Greg M. Cooper-USA TODAY Sports

The C-130 roared over Gillette Stadium as the national anthem wrapped up, the frenzied crowd creating an amazing atmosphere for hockey. The NHL was ready, the media was ready, the fans were ready for a memorable Winter Classic.

Someone forgot to tell the Bruins.

Putting forth one of their worst efforts of the season, the Bruins got stomped by the Canadiens before nearly 70,000 people at Gillette Stadium, falling 5-1 in the most lopsided Winter Classic defeat in the event's history.

"We have nights where things just don't go your way, and we just couldn't seem to find the rhythm," said Claude Julien after the game. "We couldn't seem to find our game."

That's a bit of an understatement. The Bruins were utterly humiliated in this game, barely avoiding a complete disaster by recording a single goal in the third period (from Matt Beleskey).

They went minutes upon minutes without registering a shot on goal in the first period, heading into the locker room down 1-0 and outshot 14-3. Scoring chances? Laughable. Aside from a great glove save on Ryan Spooner as time ran out in the second, Needham native Mike Condon could have taken a nap in the crease and not missed much.

The Bruins were flat, lifeless and disinterested. Again, the word of the day: embarrassing.

The Canadiens, on the other hand, were ready to play. David Desharnais got the Habs on the board just over a minute into the game, and the Canadiens never looked back.

Led by two goals from Paul Byron and a goal and assist from both Max Pacioretty and Brendan Gallagher, the Habs were in control the entire night, setting up camp in the Bruins' end for stretches that seemed to go on forever.

It was Gallagher who gave Montreal their biggest boost, and one can't help but notice the contrast: Gallagher, Montreal's talented pest, returns, while Brad Marchand, the Bruins' talented pest, sits. The difference was apparent on the ice.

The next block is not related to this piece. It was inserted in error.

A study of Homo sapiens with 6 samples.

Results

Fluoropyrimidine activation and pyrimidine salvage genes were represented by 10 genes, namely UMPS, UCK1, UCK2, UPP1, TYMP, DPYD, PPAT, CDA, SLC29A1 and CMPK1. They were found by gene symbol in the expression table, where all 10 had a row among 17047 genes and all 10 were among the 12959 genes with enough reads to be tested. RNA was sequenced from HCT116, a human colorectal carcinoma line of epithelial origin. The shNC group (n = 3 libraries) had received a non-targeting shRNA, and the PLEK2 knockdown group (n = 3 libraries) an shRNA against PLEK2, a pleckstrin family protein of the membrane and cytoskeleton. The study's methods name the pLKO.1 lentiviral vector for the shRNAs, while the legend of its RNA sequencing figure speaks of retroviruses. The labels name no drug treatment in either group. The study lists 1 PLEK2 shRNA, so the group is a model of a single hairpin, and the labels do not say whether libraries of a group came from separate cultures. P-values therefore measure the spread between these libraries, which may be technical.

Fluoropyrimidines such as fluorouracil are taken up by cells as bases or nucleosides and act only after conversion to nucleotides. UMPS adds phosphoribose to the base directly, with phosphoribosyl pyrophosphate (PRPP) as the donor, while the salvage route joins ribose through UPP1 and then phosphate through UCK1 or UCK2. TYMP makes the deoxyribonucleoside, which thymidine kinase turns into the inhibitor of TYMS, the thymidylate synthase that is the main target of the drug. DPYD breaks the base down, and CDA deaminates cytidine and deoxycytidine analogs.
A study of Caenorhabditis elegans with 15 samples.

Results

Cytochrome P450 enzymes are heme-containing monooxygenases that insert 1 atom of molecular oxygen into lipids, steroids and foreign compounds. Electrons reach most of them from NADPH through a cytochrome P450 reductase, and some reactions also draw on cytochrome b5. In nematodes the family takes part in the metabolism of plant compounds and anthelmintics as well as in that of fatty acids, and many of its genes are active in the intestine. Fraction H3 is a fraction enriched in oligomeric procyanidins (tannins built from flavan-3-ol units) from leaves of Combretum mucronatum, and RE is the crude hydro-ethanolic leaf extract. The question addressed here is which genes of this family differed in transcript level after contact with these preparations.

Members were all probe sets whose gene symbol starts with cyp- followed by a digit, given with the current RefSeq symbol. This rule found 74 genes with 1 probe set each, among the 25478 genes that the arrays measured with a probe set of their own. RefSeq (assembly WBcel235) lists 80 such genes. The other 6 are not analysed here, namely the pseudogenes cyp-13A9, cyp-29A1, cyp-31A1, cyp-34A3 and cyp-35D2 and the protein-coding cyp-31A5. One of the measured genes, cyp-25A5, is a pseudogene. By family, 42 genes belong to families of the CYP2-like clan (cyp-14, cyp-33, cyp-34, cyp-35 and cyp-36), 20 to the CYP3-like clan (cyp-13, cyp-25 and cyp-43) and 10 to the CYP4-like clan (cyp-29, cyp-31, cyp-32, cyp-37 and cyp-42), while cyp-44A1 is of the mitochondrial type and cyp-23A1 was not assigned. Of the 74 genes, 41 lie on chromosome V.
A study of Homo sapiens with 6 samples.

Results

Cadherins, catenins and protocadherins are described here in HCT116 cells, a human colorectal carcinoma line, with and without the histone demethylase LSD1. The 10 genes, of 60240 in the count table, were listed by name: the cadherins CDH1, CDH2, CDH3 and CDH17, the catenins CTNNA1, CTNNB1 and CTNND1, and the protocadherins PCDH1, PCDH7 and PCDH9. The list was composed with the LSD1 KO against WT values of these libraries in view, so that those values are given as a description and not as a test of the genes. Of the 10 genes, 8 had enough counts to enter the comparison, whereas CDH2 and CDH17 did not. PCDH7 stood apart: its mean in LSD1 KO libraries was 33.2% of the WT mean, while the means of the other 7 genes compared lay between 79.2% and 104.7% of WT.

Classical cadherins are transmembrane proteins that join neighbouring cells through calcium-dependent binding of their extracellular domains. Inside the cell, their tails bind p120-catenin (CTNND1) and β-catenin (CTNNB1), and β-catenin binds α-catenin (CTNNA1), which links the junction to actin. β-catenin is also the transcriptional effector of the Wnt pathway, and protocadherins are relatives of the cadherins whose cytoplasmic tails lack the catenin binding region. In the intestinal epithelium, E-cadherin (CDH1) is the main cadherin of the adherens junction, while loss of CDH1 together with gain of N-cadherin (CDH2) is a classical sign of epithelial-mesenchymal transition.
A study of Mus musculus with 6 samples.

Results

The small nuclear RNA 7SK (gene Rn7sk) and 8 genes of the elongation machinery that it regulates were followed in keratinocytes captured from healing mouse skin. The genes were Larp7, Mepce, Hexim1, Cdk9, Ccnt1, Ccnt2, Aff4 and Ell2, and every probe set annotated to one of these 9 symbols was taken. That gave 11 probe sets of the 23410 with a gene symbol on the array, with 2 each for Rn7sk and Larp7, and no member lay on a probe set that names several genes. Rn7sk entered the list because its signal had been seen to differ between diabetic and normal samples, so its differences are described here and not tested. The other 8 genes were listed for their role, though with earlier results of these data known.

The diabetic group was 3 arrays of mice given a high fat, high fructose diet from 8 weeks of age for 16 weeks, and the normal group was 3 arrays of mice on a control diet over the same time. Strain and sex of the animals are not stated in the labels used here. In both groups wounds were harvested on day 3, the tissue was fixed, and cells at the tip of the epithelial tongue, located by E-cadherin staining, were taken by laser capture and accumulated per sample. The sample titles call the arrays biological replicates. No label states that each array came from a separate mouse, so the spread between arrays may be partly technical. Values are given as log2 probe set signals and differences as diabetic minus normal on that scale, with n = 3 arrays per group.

"He certainly provided a spark," said Condon of Gallagher. "He does all the little things right. [He was] the spark we needed right now."

Truthfully, however, the Canadiens didn't need much of a spark. With the effort the Bruins put forth, the Habs could have played this game with their helmets on backwards and still won going away.

Why?

"I think it just seemed like it was one of those nights we couldn't get anything going [in] the first period," said Julien. "They were all over us. It just didn't matter what we tried to do...we just couldn't get it going."

Part of that boils down to the Bruins missing two of their most creative offensive players in Marchand and David Krejci. But the rest of the guys? Invisible. Aside from a decent showing by the Beleskey-Ryan Spooner-Jimmy Hayes line, results from the Bruins' forwards were nonexistent.

The lack of effort is why, after the game, Torey Krug was left making comments like this:

When all's said and done, it's a single game. While the Bruins' inability to show up on one of the sport's biggest stages is troubling, it doesn't have to cost them more than the two points they lost today.

In fact, it may be that this game shows what the Bruins are really made of: do they fold after this embarrassment, or process it, learn from it and improve?

It won't take long to find out, with the East-leading Caps coming to town on Tuesday.

"You've got to put these aside," said Julien. "You just have to tell yourself you need to be better, and we have to be better as a group. We're challenged right now, but that's where team comes into play. You have to play for each other."